Robbie Deans is again putting up smokescreens.
The Wallabies coach shunned all blame for the 31-8 drubbing by the Springboks in Pretoria this morning to a horrific injury crisis and baffling substitution blunder.
The Wallabies played the final 10-miuntes of the heavy five-tries-to-one defeat at Loftus Versfeld with seven forwards and replacement halfback Brett Sheehan on the wing after losing six players to injury.
Deans was seething after a sideline official did an apparent back flip on Australia's confusing front-row changes.
That meant the Wallabies had used their allotted seven substitutions and were forced to play one man down after already losing three backs.
"Our manager inquired as to whether [hooker] Tatafu Polota Nau could be replaced and he was told by the fourth referee he could, so we then brought him off the ground. At that point, they determined that he couldn't [be replaced]," Deans said in attempting to explain the shambolic situation.
"Then when we attempted to return him to the field of play they said 'no he's off for injury'. That was a source of frustration. It didn't make it easy at the end."
The reality is the game was well gone by that point.
The Springboks were in control at half-time and scored straight after the break to lead 21-3.
They were dominant throughout in their best performance of the season.
Deans was, again, looking for the nearest escape route - no surprises given Quade Cooper's selfish attacks and the mounting pressure.
Now, with a depleted squad, Deans may need a victory to save his job in Argentina next week.
When the All Blacks thrashed Australia 22-0 at Eden Park earlier this year, Deans' gushing praise for his countrymen was embellished considering the amount of errors they made.
That night it could have been 50-zip. The Springboks were, similarly, lamenting at least three blown tries post match.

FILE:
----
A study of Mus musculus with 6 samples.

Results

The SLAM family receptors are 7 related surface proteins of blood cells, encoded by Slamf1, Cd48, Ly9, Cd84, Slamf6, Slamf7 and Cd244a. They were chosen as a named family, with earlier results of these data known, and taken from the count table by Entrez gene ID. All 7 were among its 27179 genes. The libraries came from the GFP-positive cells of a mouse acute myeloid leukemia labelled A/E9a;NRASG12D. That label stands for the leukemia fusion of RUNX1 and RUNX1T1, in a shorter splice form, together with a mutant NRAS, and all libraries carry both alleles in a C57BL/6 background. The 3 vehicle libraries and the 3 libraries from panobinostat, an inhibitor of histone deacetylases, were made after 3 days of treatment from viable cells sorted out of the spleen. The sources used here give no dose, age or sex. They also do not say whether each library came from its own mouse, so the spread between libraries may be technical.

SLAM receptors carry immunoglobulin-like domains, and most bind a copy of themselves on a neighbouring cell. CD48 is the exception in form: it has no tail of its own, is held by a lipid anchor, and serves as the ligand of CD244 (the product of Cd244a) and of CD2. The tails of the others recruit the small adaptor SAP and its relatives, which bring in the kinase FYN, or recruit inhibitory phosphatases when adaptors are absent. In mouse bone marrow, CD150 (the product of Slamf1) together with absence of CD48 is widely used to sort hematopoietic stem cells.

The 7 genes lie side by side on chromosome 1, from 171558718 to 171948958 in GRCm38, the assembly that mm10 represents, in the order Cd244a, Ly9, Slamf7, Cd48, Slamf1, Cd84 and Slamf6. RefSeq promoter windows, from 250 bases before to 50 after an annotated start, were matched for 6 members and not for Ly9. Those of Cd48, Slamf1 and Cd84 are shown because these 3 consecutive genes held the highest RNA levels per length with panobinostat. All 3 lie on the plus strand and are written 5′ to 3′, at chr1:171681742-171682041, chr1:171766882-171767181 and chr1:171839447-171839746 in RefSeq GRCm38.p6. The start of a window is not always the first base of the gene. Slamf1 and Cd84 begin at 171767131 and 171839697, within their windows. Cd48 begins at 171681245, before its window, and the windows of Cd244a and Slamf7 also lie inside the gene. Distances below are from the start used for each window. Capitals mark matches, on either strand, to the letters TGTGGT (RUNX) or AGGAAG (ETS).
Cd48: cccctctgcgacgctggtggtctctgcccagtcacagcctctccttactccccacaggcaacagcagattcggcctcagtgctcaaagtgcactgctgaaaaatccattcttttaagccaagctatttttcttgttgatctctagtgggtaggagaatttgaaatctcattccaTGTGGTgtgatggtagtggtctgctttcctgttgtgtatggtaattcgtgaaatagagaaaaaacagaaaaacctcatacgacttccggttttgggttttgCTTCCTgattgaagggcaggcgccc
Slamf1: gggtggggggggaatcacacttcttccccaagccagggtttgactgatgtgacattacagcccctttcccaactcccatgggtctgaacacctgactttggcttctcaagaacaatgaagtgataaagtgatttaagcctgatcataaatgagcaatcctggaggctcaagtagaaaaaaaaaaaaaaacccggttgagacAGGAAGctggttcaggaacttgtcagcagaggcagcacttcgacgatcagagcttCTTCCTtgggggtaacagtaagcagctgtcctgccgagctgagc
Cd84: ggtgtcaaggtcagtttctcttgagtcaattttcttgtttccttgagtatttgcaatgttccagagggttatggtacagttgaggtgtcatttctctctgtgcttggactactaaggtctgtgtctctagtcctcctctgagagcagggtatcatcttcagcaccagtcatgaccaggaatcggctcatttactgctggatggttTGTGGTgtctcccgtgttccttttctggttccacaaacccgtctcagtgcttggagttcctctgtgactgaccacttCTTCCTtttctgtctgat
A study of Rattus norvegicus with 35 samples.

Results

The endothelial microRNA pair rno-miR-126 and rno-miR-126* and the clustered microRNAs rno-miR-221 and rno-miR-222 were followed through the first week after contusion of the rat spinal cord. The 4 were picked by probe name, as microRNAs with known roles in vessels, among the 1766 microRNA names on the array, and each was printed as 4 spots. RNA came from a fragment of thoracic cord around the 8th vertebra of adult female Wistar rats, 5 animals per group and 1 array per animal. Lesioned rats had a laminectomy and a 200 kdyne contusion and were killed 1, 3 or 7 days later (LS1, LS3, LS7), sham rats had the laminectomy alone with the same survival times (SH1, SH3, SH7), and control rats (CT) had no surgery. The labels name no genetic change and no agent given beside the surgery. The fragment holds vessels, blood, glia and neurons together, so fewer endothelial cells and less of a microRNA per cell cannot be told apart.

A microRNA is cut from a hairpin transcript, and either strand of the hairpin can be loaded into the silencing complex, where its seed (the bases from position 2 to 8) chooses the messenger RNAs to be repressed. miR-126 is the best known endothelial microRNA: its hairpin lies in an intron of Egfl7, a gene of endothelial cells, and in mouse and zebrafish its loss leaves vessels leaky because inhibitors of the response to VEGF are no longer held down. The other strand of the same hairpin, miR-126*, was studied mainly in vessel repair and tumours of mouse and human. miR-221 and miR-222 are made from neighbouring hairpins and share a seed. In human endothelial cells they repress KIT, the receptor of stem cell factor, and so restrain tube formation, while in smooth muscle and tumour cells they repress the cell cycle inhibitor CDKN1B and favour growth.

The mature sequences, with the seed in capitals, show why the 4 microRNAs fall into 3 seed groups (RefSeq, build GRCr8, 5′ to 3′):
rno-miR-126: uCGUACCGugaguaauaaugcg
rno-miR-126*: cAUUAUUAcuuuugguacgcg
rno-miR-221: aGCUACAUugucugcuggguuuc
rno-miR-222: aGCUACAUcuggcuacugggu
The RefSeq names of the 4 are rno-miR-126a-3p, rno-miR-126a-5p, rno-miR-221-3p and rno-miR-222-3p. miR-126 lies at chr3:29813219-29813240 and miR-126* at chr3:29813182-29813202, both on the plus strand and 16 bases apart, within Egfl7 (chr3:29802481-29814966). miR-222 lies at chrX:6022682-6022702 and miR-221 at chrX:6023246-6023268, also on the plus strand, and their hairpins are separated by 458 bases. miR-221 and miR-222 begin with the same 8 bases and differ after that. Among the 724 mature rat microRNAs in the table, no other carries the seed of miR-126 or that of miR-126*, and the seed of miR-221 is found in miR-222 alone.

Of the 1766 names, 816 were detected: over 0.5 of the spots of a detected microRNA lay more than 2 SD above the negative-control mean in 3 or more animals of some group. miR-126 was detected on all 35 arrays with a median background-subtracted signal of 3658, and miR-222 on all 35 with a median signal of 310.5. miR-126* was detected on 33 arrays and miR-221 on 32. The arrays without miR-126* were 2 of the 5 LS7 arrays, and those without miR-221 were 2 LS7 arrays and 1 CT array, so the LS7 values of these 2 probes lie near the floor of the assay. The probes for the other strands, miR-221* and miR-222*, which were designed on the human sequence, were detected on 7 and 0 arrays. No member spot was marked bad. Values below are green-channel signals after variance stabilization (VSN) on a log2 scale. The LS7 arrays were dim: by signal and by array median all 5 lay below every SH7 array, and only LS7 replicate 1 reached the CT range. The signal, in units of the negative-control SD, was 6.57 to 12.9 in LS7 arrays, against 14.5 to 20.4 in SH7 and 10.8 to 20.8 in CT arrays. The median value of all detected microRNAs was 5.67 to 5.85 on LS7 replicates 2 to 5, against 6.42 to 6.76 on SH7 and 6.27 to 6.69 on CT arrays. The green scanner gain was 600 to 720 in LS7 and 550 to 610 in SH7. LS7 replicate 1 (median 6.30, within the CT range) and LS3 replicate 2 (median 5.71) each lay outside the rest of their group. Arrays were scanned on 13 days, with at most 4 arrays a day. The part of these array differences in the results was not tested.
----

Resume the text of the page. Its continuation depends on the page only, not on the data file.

"We haven't beaten the Aussies for some time so I'm very proud of this young team," Springboks coach Heyneke Meyer said of breaking a five-match losing streak against the Wallabies.
"We're still not happy with the performance. There were three tries that were a centimetre away."
Rather than accept clear weaknesses the Wallabies displayed, Deans instead deflected all critical inquires on the injury disruptions.
"The circumstances at the end were bizarre. Halfbacks on the wing, down to 14 men, the amount of carnage we'd had in terms of injuries was unprecedented. It would take a superhuman effort to get up from there.
It was asking too much.
"South Africa played well, give them credit. They didn't allow us to get front foot ball. Playing against 14,13, and 12 makes it easier."
Deans managed to find one positive from the loss - the performance of Kurtley Beale in his first test start at first five-eighths, where he will again play next week.
"I thought Kurtley was outstanding," Deans said. "They didn't allow us to get front foot ball but he was able to create some momentum for us on occasions. He also kicked well."
What would you rate as a fair price for a mediocre seat at the Rugby World Cup final next year?